Buy This: Happyness – Weird Little Birthday
This was a pretty tough week to pick just one album to buy from the list of great new releases to choose from. For the record, I don’t think anyone should pass up on new stuff from Jon Spencer Blues Explosion, The Silence, Les Marinellis, Courtney Barnett or Bombadil dropping this week. As a matter of fact, I suspect that given a few extra weeks of listening Barnett’s debut LP Sometimes I Sit and Think, and Sometimes I Just Sit, out on Mom + Pop, could have taken the title. Nevertheless, this week’s champion is a not just a contender for the week, but possibly one you’ll be hearing about a lot when it’s time to start arguing over the best albums of the year.
Happyness is a 3-piece alternative rock band from London, consisting of Jonny Allan (Guitar, Bass, Vocals), Benji Compston (Guitar, Vocals) and Ash Cooper (Drums). All three members write the songs and are known for swapping roles within the studio. Having known each other throughout their teens — they had been in various other bands before they formed Happyness –Compston, Allan, and Cooper found themselves together writing music in a studio under railway arches in Bermondsey, South London. After performances under a few different monikers, the three-piece finally settled on Happyness, and set about touring the U.K. They were soon picked up by indie label Weird Smiling and entered the studio soon after to record their debut album, Weird Little Birthday.
Weird Little Birthday was actually released in Japan last year and is only receiving its western release this week. This is the capitulation of a tremendous amount of press excitement following the release of the groups debut self-titled EP in 2013 and the Anything I Do Is All Right EP last year. All the while, the trio have been touring constantly with some indie heavyweights, like Speedy Ortiz, Avi Buffalo and Ezra Furman. The result was a band getting hailed as the ‘next big thing’ by NME, The Guardian, Sunday Times, Q, Uncut, NPR and Stereogum all before their first album was released.
There have been a lot of ‘alternative rock revival’ bands to emerge in the last few years. I find myself making comparisons to the Pixies, Neutral Milk Hotel, and Pavement. Again, I’ll be doing it when talking about Happyness. But, it is important to make a distinction where I believe Happyness makes a key step away. Typically, these albums come off sounding a lot more like homage than original artistic statement. Jesus, I feel like an asshole for even writing the words ‘original artistic statement’ together. Regardless, that is what Weird Little Birthday is.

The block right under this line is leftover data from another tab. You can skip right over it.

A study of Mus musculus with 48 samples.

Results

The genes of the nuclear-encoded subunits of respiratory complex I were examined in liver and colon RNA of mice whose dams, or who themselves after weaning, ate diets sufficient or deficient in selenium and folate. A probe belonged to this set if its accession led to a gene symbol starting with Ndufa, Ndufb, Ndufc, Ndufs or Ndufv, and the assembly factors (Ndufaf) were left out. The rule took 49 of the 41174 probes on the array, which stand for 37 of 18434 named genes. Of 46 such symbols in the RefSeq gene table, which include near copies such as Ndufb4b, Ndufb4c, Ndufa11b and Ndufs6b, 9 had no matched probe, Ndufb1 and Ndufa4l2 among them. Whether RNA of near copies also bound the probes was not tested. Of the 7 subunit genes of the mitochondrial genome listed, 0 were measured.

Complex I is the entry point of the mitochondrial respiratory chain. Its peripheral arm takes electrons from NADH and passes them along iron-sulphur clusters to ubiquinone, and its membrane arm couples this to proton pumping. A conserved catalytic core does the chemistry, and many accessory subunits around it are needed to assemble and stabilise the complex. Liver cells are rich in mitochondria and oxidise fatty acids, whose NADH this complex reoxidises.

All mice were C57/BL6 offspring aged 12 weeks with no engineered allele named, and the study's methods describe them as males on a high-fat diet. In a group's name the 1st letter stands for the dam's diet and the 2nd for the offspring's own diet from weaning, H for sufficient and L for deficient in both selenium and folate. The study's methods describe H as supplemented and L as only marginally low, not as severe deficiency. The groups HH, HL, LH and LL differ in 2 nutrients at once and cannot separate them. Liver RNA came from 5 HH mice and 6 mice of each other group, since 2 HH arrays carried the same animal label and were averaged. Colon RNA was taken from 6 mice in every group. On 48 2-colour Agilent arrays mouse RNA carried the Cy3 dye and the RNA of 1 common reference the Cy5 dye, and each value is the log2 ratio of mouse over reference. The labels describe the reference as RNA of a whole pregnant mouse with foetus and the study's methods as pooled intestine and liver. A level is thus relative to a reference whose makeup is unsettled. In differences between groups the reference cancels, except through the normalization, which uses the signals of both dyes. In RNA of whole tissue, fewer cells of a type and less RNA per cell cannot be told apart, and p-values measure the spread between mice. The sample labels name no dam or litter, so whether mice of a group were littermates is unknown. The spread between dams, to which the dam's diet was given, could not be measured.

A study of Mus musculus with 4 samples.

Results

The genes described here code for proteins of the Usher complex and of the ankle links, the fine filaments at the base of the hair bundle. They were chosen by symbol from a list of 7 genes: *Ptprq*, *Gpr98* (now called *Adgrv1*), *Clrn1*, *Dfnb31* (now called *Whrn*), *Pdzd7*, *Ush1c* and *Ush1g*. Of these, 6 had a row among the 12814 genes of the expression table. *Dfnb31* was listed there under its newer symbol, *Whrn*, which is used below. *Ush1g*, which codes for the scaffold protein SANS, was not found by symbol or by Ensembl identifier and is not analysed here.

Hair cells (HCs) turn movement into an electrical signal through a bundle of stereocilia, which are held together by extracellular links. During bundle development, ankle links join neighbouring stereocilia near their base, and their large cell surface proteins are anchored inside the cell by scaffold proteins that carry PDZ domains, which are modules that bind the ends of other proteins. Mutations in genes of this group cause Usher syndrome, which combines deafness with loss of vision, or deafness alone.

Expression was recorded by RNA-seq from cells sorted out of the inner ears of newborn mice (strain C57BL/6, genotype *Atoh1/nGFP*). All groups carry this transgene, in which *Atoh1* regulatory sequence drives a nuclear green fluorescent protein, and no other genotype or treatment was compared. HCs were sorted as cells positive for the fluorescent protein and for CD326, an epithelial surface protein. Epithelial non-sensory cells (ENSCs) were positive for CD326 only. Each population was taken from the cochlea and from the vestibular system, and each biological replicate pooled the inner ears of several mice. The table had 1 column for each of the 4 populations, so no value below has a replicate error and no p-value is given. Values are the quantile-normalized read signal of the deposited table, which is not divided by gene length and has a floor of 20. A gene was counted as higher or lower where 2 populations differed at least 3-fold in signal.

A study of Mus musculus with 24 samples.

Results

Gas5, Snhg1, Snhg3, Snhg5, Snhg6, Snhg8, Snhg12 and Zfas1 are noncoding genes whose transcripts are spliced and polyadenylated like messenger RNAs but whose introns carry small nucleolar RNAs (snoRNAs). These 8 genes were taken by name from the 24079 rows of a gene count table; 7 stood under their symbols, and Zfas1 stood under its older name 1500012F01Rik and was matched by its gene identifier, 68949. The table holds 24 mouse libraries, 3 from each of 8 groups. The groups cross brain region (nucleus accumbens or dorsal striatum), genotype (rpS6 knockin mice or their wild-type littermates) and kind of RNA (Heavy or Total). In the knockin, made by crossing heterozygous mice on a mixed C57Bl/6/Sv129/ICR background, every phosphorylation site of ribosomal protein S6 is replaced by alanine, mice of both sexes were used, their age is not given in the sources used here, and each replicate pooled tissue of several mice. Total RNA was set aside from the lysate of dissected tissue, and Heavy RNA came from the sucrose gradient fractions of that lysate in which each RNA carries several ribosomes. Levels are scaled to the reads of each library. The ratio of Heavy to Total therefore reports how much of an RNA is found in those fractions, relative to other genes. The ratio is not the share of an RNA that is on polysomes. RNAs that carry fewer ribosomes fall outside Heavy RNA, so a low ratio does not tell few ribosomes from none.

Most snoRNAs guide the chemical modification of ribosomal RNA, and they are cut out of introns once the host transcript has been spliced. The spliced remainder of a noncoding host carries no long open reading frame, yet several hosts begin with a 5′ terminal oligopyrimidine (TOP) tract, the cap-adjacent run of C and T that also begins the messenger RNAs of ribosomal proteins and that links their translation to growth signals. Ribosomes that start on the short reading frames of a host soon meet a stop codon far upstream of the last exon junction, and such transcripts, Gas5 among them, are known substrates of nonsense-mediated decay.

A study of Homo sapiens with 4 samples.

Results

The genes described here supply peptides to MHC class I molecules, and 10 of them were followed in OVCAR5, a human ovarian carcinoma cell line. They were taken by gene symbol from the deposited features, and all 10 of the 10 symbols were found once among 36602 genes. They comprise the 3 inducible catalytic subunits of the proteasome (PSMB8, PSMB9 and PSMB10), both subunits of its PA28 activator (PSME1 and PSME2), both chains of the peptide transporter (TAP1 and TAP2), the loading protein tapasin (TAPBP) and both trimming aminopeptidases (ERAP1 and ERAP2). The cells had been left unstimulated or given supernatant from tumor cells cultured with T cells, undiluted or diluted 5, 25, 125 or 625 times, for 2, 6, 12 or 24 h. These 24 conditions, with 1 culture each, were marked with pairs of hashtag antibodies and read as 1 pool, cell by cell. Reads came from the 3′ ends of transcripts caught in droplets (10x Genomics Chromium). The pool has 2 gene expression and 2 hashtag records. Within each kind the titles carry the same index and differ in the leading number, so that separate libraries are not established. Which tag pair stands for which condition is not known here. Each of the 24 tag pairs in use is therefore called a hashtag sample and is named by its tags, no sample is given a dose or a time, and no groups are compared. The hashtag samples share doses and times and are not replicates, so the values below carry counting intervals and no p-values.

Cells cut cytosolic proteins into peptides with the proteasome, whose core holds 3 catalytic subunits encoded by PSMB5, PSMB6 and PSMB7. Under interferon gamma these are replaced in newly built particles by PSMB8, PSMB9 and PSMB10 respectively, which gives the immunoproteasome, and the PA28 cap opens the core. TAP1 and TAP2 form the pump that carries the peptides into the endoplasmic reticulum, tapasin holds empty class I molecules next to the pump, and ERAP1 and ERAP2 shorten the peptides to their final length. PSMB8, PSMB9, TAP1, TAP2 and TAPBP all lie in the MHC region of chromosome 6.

“I’m the motherfucking birthday boy. Don’t steal my thunder, Baby Jesus.”
-Happyness, “Baby Jesus (Jelly Boy)”
It is extremely accurate to say that Happyness sound like the bastard child of Pavement and Sparklehorse. It is also extremely accurate to say that they have mined those influences to create a compelling, complete, and all-consuming record. In ten years of reviewing music, Weird Little Birthday is the first time I find myself attempting to use the word ‘masterpiece’ without even the faintest hint of irony or exaggeration. It is simply the best word I can find to describe how this album twists and travels from beginning to end. As of this writing, I’m still debating whether or not the album deserves a full ten star recording. It would be the second I’ve given in over a thousand album reviews.
Weird Little Birthday is a testament to how much patience can pay off, both in the way the band approaches the recording and the way the listener approaches the listen. Happyness doesn’t play for cheap thrills. There aren’t many (if any) hooks or immediate ear worm choruses. The grooves need to wash over you over the course of the entire record. If you give them the time to do so, this album will slowly, but surely move its way to the front of your collection.
The key to Happyness’ success is in allowing the lyrics to do the talking for the group. It is one thing to match the timing and vocal approach of Stephen Malkmus or Mark Linkous. It is another altogether to match them as writers. Somehow, Allan and Compston somehow do it together, while seamlessly switching vocal duties. Sardonic introspection is the kind of thing that can easily become obnoxious without the necessary delicate lyric writing hand. It takes a real skill to write the snotty, piercing words in a song like “Montreal Rock Band Somewhere” and remain endearing. It doesn’t hurt that the song also features an absolutely killer bass line.
Happyness is a strange nut. Yes, they do sound a lot like other bands. No, that doesn’t mean they are making anything stale or unoriginal. If the material is this strong, it really doesn’t matter what style they used to put it together. I had a music teacher in high school that wrote a quote on the chalkboard during the first day of class. “Music is evolutionary, not revolutionary,” or something like that. Regardless, I took the point as being that there isn’t anything new under the sun, so dig what you dig. And I dig Weird Little Birthday.